You're at a dinner party and have just locked eyes with the cheese board. As the first tantalizing bite of Gorgonzola passes your lips, a question might cross your mind: Why is it okay to eat this moldy food, when a lot of mold makes us sick?
Molds are thread-like fungi that grow on plants and animal products. There are millions of species of mold: some are dangerous to humans, but most are harmless. That's the case for the mold in cheeses.
There are two main varieties of moldy cheese: the blue-mold cheeses, such as Stilton, Roquefort and Gorgonzola, and the white-mold cheeses, including brie or Camembert.
Blue cheeses contain a species of mold called Penicillium roqueforti. During production, the mold is mixed in with the clumps of coagulated milk, called curds, that are used to make cheese. The mold then develops inside the cheese and turns blue, providing blue cheese its characteristic, sharp, strong flavor profile, Heather Hallen-Adams, a food microbiologist at the University of Nebraska-Lincoln, told Live Science.
White-mold cheeses, on the other hand, contain a different species of mold called Penicillium camemberti. In this case, the cheese is made and then the mold is introduced on the outside of the final product, which is what you notice as the hard outer layer or rind of Camembert, for instance.
"Both molds are doing what all fungi do," Hallen-Adams said. When we eat food, our guts secrete enzymes that allow us to digest the food, and fungi do something similar.
"Fungi secrete digestive enzymes into their environment, break things down into simple fatty acids, amino acids [the building blocks of proteins] and carbohydrates and then absorb them," Hallen-Adams said.
In the fungi in cheese, these enzymes are usually proteases, which break down proteins, and lipases, which digest fats. A wheel of Camembert, for example, has a thin, flat, large surface area, which allows these digestive enzymes to get all the way into the middle of the cheese, giving it its creamy texture, Hallen-Adams said.
"With the blue cheeses where the fungus is throughout the cheese, that doesn't matter as much and due to differences in the fungus, it's more of a crumbly texture than a creamy texture," Hallen-Adams said.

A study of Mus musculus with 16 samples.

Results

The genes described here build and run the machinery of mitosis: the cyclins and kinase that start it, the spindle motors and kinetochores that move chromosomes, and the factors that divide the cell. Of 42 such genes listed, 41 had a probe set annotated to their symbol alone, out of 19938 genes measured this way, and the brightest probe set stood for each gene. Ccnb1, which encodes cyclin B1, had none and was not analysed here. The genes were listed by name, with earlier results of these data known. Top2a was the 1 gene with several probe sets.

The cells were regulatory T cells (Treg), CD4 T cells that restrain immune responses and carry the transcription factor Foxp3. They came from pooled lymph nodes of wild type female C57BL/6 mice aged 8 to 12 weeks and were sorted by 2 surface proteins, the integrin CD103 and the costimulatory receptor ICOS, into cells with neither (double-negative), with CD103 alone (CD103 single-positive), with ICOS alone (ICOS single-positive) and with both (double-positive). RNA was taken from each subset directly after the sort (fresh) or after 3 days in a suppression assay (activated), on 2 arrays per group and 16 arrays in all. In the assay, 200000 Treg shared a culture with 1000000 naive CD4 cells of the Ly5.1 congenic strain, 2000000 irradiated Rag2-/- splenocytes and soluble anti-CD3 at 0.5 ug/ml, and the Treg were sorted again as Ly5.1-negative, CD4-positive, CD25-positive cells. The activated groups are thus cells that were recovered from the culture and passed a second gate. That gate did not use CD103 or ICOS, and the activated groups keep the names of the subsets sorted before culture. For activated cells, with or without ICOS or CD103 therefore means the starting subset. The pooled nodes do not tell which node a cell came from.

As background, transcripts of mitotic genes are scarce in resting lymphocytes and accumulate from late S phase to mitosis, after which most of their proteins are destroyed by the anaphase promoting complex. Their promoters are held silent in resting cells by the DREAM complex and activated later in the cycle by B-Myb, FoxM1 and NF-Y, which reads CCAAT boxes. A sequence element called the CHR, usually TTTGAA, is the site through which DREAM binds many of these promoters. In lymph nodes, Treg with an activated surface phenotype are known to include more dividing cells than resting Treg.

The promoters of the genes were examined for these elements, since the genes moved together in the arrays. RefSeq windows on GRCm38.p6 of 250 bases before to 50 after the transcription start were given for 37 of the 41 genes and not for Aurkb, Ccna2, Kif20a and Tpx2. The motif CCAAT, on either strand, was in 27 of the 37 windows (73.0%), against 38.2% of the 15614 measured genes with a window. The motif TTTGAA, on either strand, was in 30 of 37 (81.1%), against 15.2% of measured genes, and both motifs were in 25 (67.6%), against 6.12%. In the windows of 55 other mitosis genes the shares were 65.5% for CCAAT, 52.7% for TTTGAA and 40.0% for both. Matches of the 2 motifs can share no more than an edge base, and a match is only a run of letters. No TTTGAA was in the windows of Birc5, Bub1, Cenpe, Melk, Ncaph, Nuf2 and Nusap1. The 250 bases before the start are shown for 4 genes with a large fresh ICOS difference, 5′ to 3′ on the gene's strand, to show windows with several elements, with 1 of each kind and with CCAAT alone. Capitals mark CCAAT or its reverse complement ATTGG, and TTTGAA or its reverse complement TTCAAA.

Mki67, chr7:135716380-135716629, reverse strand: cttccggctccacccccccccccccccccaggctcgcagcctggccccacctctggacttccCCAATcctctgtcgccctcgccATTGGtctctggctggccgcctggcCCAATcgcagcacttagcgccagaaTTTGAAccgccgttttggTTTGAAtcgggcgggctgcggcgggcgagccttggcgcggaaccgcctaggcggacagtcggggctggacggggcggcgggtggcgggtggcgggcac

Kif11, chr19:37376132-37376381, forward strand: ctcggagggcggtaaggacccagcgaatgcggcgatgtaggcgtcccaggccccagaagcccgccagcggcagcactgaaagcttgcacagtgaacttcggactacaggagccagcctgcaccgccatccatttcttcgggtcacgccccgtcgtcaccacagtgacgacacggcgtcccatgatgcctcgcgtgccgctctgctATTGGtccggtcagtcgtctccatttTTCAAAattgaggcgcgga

Humans figured out that it was safe to eat these Penicillium molds largely through trial and error, Hallen-Adams said. Legend has it that blue cheeses were discovered hundreds of years ago when a shepherd forgot about some cheese that he'd left in a cave for a few months. When he came back, he noticed that it contained mold that had been growing in the cave — what we now know to be P. roqueforti.
The discovery of the white-mold cheese Camembert was a little bit more deliberate, but still involved a sense of figuring out that, "okay, we can eat this," she said.
What about mold on other types of cheese?
"I always tell people, 'Roquefort is meant to be a blue cheese, cheddar generally isn't,'" Hallen-Adams said. "If you have blue mold on your cheddar, and that will happen sometimes, that's probably a Penicillium and you probably don't want to eat that as it could well be a different species," which could make you sick, she said.
Other species of mold, such as Aspergillus flavus, can also grow on cheeses and produce toxins that are harmful to humans. Pathogenic species of bacteria — for example, Staphylococcus aureus or Escherichia coli — can also grow on cheese alongside mold.
However, you can safely remove suspect mold without having to throw the whole lump of cheese in the trash. "Generally, you're safe cutting back maybe half a centimeter [0.2 inches] or a centimeter [0.4 inches] behind the growing front of the mold and the rest of your cheese is safe and fine," Hallen-Adams said.
It should be noted, however, that harmless bacteria and yeast also play a role in the cheese production process.
"Cheese is actually a pretty complex ecosystem. You've got the molds that you put in, some molds you don't, some yeasts [such as Debaryomyces hansenii or Geotrichum candidum], and almost any cheese has lactic acid bacteria that are the main culture organisms to make the cheese to begin with," Hallens-Adam said.
"It's a whole microbial party there," she said.